The Living Wage New Zealand campaign reached a milestone at the beginning of July, with over 50 organisations in New Zealand being listed as accredited living wage employers.

This achievement was announced at coinciding events in Auckland’s Trinity Cathedral and Christchurch’s Transitional Cathedral on July 1, as both churches newly became living wage employers.

Other new living wage employers include the New Zealand Nurses Organisation, tech company WhereScape, and early childhood centre Headstart.

Bicycle Junction in Newtown and Good Fortune Coffee Co. in Petone are the only two Wellington-based companies to be accredited as living wage employers this year.

There are currently no living wage employers at Victoria University, even though there is a great deal of support on campus, through VUWSA and the Living Wage at Vic campaign.

VUWSA Welfare Vice-President and living wage campaigner, Rory Lenihan-Ikin, told Salient that the living wage campaign reaching this milestone was “fantastic” because “it demonstrates that more and more employers in NZ care about the livelihoods of their staff.”  

Lenihan-Ikin said VUWSA is “definitely aiming to be a living wage employer in the future,” as they continue to campaign “alongside other organisations for students and other low paid people to receive decent wages.” VUWSA executive members met with international living wage campaigner Deborah Littman last week as part of their campaigning efforts.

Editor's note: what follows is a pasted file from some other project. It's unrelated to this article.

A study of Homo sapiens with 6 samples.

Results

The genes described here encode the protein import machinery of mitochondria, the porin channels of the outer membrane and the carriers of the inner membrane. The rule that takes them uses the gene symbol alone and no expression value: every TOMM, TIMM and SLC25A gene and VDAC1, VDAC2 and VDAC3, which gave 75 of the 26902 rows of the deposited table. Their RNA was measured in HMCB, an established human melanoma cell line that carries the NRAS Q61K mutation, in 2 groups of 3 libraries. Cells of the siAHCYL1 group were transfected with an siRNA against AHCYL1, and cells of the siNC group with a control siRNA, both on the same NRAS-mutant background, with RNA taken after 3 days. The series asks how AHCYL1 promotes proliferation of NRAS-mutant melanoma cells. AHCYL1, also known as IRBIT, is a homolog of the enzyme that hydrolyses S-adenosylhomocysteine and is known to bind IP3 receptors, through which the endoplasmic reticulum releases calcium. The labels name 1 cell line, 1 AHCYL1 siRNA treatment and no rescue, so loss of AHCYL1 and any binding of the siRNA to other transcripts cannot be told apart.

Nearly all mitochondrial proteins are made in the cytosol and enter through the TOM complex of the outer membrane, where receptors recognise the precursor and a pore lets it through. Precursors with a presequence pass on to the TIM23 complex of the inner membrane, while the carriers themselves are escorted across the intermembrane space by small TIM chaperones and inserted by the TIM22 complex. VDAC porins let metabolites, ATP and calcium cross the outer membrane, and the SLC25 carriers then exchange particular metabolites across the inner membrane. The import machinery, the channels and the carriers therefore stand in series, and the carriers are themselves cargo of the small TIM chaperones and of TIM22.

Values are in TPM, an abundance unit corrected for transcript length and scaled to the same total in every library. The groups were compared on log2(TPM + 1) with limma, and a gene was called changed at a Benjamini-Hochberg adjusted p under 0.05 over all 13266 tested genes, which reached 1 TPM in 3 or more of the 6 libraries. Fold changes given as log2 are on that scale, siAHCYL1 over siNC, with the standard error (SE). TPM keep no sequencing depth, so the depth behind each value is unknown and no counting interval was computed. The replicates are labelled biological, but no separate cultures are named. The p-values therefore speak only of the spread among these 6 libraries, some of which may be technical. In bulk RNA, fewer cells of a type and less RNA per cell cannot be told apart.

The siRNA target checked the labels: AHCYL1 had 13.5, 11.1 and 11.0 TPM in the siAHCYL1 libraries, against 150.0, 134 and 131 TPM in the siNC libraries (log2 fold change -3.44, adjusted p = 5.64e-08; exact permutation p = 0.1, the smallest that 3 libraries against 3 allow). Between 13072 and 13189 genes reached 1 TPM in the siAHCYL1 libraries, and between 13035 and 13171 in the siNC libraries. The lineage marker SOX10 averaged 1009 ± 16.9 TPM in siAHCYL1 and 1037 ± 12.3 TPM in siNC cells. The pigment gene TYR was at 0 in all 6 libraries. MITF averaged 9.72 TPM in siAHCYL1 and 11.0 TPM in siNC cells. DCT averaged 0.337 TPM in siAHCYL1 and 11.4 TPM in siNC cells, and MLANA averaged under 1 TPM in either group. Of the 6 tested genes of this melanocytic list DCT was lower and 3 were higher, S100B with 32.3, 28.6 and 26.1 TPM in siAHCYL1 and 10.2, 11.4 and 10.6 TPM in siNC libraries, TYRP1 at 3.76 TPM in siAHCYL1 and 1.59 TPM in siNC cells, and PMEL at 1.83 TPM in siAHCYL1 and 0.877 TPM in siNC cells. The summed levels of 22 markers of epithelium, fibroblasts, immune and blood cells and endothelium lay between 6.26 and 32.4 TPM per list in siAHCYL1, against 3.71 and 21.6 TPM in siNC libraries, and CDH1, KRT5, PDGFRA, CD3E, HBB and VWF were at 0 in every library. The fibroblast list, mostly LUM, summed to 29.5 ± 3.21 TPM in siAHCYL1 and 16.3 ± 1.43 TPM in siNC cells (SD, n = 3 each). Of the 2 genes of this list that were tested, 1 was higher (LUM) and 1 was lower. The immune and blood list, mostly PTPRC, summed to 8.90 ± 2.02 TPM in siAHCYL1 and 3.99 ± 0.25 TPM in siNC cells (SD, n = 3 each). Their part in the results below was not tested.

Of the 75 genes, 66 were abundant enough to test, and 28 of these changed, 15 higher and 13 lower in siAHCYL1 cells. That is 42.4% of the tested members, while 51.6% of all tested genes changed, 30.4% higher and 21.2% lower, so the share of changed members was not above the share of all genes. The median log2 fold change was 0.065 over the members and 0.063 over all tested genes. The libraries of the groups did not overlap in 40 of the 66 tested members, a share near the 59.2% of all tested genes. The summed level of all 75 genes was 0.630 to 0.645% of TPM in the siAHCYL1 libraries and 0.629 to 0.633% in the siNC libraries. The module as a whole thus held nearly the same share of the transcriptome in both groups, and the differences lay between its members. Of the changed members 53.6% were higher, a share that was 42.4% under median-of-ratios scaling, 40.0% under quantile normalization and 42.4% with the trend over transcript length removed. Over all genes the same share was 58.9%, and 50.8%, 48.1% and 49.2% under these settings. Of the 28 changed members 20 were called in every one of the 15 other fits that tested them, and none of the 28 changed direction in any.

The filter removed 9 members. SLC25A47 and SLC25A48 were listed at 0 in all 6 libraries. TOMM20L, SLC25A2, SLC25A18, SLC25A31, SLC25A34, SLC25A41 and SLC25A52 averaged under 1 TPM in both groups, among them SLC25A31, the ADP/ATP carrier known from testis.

VUWSA Wellbeing and Sustainability Officer Anya Maule said that Victoria University, “as one of the largest employers in Wellington city, should be paying all of its employees a living wage.”

Lenihan-Ikin said the focus of the living wage campaign is now on “big organisations,” like Victoria University to become living wage employers, because they are the organisations most financially capable to do so.

Maule wants all organisations across Wellington to consider adopting the living wage, not just Victoria University. She believes that this would benefit students, who would be able to focus on their studies because they could work less hours but earn more, and worry less about spending money on essentials like food or transport.

The Living Wage at Vic campaign group are hosting an event on July 20 to discuss the movement’s place on campus, which will seek to show students the importance of a living wage in their own working and studying lives.